LONDON — I’m shopping for shares right now, should I pop BP plc (ADR) (NYSE:BP) into my basket?
When I looked at buying BP plc (ADR) (NYSE:BP) six months ago, I concluded that it offered investors a tank load of uncertainty. The Deepwater oil spill was still lining lawyers’ pockets with black gold, gas and oil prices were down, production was falling, and its shale gas assets looked overvalued. Given all its problems, I naturally concluded that investors should roll out the barrel for BP, and buy it. Was I right to recommend buying BP at £4.37 last October, and would I buy it today?
Following the big share price drop of recent weeks, BP plc (ADR) (NYSE:BP) now trades at just £4.44. It’s been whipped by the oil price and commodity backlash, as emerging market growth falters and the Federal Reserve fumbles for the QE exit. As a massive, vertically integrated energy company, BP has plenty of cushioning against falling energy prices, but it can’t escape the impact altogether.
BP is also taking longer than I hoped to recover from its Gulf of Mexico misery. U.S. lawyers are determined to squeeze every last drop out of BP plc (ADR) (NYSE:BP), but it is fighting back, contesting artificial claims and lawyer misconduct. The total bill will run into billions of dollars, but the share price won’t settle until we know exactly how many billions. BP has also faced European Commission allegations of price rigging, along with Royal Dutch Shell plc (ADR) (NYSE:RDS.B). As if that wasn’t enough risk, it is throwing its forces into Russia, with its 20% stake in Russian state-controlled Rosneft. As history shows, Russia is deadly territory.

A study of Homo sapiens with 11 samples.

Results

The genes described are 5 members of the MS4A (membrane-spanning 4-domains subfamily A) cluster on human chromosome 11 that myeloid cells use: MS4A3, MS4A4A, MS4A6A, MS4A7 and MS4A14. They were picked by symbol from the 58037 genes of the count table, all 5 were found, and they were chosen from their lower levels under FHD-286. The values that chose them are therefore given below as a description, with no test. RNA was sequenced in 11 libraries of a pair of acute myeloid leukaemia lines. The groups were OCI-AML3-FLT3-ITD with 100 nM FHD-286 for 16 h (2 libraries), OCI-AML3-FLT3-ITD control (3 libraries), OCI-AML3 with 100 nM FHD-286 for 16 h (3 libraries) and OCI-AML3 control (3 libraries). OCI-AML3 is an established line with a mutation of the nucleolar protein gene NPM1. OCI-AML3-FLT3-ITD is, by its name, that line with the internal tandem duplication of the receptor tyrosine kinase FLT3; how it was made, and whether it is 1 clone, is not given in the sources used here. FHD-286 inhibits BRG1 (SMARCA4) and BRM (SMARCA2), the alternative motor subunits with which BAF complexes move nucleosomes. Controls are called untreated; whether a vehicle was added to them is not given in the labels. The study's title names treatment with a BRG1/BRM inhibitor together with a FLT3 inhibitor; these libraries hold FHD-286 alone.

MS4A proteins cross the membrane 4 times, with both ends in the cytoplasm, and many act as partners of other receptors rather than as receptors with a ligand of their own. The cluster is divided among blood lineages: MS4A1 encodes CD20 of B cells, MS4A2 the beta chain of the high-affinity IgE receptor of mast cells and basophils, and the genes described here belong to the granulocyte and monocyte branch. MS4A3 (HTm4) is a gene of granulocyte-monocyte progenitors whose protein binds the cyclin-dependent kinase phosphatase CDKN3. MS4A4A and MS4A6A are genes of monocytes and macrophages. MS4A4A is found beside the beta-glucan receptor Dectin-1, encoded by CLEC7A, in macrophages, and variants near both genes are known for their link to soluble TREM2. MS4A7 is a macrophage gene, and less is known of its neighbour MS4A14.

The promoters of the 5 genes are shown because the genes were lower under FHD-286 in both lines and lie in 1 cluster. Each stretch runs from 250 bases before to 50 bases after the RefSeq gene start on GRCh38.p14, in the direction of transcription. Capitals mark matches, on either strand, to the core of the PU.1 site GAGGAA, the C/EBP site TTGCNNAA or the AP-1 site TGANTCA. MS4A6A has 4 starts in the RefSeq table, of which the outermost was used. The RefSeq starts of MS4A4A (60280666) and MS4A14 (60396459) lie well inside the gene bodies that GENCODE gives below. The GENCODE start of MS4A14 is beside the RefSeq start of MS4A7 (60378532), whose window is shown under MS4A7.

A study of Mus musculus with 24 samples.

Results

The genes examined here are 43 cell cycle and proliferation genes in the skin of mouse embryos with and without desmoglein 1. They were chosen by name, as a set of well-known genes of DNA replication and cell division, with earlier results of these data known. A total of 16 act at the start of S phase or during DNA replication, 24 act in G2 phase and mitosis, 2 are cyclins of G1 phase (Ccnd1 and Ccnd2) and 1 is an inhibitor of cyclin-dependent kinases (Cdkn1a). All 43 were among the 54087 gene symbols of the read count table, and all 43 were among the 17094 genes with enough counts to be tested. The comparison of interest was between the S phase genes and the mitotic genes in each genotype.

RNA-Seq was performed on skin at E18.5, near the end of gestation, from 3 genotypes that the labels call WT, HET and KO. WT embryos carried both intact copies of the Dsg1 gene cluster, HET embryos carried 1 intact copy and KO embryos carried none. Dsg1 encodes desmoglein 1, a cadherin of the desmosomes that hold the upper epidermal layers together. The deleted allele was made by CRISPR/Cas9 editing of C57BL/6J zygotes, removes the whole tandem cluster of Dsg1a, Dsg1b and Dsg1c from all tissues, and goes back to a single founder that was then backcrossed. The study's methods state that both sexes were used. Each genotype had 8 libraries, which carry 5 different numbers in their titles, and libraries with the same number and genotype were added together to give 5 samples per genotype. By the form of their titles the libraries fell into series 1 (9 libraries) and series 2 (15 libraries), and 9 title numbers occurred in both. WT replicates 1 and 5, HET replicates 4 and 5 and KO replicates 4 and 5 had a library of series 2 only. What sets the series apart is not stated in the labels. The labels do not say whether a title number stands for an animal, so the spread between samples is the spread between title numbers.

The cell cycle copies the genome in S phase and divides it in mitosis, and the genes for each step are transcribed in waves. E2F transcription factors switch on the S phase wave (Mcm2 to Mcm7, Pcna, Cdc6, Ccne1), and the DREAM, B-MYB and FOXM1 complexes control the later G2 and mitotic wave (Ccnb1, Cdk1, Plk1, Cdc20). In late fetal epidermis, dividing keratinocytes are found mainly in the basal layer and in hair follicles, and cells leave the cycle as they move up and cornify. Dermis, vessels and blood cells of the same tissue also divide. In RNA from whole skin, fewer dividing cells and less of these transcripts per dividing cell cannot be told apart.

Thanks to recent share price falls, BP plc (ADR) (NYSE:BP) now yields a slick 5%, comfortably above the FTSE 100 average of 3.6%. That dividend is covered 1.8 times, but remains exposed to further legal shenanigans. Dividends are paid in dollars, which could be a bonus if the Fed’s threat to taper QE continues to boost the greenback. Better still, you tap into the yield at today’s lowly valuation of just 5.9 times earnings, half the FTSE 100 average of 12 times.